The term short sale has been brought up more and more in the real estate world as the property market has corrected to a more sustainable growth level. Depreciation of home values over the last few years has led to homes that are worth less than the mortgages that were used to finance the purchase. This situation coupled with a nationwide recession that has created the need for people to sell their homes despite being “underwater” has led to the recent popularity of short sales.
What Is an Underwater Loan?
A home loan or mortgage that is higher than the actual value of the home is said to be underwater. Over the last few years this situation has become a common occurrence as homeowners who bought at the peak of housing prices with little or no money down have seen their property values decrease, sometimes dramatically. They began with a $300,000 loan on a home that appraised around that value, and now their mortgage amount is around the same, but that same house appraises for less than $250,000.
With the rise in unemployment, many homeowners who have found themselves in this difficult situation have been forced to sell their home because they can no longer afford the mortgage. The problem that occurs is that even if the homeowner sold their home for $250,000, they would still owe the bank the additional $50,000, which holds up the sales process. This hurts everyone involved because the original owners cannot pay the mortgage, so they default on the loan. The new buyers who are excited about the home are not allowed to buy it at the new market price. Finally, the bank that holds the mortgage will not let the original owner sell, does not receive a payment each month for the mortgage, and must now go through an expensive and time consuming foreclosure process to get possession of a home they will only be able to sell for less anyways.
Buying and Selling a Home with a Short Sale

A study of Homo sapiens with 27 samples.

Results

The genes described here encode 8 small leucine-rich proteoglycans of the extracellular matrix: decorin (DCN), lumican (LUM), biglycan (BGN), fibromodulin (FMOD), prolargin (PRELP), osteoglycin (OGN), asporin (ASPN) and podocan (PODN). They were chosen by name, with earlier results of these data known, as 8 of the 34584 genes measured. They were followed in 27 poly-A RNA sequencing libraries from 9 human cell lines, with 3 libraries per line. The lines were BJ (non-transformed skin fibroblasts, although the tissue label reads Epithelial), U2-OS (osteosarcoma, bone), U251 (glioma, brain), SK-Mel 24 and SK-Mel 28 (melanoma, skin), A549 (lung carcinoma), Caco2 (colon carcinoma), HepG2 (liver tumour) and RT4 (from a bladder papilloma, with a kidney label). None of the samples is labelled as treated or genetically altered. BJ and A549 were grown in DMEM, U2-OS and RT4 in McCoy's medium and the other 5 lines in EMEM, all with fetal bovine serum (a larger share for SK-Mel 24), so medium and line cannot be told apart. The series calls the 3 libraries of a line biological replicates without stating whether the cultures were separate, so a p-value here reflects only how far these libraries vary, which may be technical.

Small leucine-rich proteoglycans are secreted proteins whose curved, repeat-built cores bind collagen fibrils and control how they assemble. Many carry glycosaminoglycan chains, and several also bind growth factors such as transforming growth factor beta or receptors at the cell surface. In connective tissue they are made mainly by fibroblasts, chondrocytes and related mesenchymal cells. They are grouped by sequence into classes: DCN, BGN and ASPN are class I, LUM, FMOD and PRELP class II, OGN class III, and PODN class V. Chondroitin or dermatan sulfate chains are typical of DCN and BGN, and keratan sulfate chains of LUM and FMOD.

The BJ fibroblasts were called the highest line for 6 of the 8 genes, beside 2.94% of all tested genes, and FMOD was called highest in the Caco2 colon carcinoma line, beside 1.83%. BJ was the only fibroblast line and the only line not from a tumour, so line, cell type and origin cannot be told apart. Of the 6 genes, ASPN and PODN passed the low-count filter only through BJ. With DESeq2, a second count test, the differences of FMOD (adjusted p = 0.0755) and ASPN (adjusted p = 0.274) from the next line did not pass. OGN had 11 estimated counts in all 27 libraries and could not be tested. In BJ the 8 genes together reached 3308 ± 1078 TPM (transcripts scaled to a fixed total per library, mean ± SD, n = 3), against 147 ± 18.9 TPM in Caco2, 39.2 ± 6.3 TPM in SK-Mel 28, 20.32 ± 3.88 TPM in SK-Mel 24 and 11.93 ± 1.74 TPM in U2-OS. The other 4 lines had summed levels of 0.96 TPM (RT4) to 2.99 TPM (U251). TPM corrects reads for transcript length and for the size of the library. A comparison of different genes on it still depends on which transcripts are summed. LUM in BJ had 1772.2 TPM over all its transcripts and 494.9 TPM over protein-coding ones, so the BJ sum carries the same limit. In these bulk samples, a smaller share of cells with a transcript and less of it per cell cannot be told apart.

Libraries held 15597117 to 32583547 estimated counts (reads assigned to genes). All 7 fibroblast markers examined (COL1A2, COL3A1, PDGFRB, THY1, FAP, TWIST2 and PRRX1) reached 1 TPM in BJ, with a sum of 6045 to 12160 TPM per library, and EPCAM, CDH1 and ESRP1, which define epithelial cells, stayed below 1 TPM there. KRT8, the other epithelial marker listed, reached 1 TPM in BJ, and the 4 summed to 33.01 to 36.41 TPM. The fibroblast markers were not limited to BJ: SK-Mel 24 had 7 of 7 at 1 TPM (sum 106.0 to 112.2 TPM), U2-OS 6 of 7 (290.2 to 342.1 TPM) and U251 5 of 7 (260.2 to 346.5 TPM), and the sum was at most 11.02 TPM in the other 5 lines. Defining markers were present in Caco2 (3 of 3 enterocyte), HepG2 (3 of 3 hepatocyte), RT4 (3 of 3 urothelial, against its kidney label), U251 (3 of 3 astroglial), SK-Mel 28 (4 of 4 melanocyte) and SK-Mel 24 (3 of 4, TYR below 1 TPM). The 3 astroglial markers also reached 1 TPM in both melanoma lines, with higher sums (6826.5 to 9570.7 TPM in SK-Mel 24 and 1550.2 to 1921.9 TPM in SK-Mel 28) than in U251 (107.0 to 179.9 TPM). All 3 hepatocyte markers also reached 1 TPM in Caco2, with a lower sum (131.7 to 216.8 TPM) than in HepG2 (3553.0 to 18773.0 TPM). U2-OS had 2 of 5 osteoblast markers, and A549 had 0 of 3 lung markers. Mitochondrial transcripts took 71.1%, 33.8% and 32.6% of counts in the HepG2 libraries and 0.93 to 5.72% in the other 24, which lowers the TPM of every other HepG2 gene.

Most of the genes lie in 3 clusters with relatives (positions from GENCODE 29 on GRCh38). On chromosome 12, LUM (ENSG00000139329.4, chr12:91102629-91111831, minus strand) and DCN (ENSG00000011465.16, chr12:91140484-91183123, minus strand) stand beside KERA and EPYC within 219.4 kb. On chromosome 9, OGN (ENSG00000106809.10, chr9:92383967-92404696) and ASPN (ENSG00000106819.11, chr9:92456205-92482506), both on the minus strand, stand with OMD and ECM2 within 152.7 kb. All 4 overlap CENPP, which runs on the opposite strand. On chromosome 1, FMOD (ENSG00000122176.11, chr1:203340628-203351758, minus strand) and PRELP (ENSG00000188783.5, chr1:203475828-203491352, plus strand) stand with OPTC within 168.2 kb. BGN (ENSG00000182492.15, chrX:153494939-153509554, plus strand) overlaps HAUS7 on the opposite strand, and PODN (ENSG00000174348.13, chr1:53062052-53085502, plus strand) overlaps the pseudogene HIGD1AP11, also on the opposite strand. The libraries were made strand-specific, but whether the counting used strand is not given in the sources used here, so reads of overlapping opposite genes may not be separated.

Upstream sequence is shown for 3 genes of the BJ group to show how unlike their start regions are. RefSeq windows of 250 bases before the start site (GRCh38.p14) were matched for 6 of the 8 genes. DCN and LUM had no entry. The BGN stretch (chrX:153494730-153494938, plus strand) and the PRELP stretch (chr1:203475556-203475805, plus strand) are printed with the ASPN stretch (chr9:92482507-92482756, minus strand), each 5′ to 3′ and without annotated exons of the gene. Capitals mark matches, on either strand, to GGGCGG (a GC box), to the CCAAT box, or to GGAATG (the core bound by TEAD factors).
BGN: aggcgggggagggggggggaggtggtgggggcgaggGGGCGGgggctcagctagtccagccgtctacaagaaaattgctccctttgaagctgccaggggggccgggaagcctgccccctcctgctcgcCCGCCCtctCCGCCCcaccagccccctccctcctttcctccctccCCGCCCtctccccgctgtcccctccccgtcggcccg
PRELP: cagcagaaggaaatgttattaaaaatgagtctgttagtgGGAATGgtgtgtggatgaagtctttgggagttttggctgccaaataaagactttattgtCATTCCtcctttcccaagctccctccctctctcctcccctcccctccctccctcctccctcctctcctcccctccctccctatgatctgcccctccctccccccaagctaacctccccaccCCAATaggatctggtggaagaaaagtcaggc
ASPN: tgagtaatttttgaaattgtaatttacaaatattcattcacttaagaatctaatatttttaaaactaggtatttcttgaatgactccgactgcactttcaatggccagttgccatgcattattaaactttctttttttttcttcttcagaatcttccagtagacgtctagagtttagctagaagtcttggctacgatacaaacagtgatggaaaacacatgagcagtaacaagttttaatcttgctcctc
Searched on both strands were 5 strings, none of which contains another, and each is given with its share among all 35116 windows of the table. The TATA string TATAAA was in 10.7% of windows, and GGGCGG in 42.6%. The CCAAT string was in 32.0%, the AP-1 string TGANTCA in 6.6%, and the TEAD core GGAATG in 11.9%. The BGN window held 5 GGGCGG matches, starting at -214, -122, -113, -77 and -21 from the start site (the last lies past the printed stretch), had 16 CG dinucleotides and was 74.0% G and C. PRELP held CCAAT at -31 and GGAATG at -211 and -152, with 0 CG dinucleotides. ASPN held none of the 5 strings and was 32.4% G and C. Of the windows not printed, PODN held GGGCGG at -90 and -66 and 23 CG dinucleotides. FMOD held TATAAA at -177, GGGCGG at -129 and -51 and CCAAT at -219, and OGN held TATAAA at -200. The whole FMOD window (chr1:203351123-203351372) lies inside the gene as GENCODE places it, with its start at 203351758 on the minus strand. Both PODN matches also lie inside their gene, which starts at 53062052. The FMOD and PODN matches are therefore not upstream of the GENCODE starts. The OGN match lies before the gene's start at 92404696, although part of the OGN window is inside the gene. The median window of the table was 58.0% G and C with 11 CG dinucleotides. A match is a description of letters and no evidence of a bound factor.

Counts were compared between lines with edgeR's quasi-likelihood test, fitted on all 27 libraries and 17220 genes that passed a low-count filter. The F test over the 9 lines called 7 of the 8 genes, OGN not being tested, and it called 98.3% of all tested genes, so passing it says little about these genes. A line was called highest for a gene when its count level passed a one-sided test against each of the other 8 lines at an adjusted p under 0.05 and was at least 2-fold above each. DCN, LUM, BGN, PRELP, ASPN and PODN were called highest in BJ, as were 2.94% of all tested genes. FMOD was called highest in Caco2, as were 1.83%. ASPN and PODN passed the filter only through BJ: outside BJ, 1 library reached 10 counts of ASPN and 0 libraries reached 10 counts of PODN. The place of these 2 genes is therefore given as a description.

This is where short sale comes into play. In a short sale the original homeowner who is underwater will get an agreement from the bank to complete a short sale and put their home on the market at the current local price. When a buyer decides to purchase the home, the bank agrees to let the sale take place and take a loss on the original mortgage. Ultimately, this type of legal settlement allows the homeowner and bank to avoid a costly and credit damaging foreclosure process. The owner will still take a hit on their credit score and the bank will lose some money on the transaction, but the overall solution is much better than foreclosing on the home.
Foreclosures and Short Sales
Short sales are becoming more common with our current correction in home prices and high unemployment, but many bands still make the process very difficult for the owners because they do not want to take a loss on the loan. For this reason, many banks will not consider the option of a short sale until the homeowners are already several months behind on their mortgage. In addition, banks reserve the right to not accept the price the new buyer offers for the home if they think it is too low. This creates tension between all parties involved, and if unresolved leads to the eventual foreclosure of the home.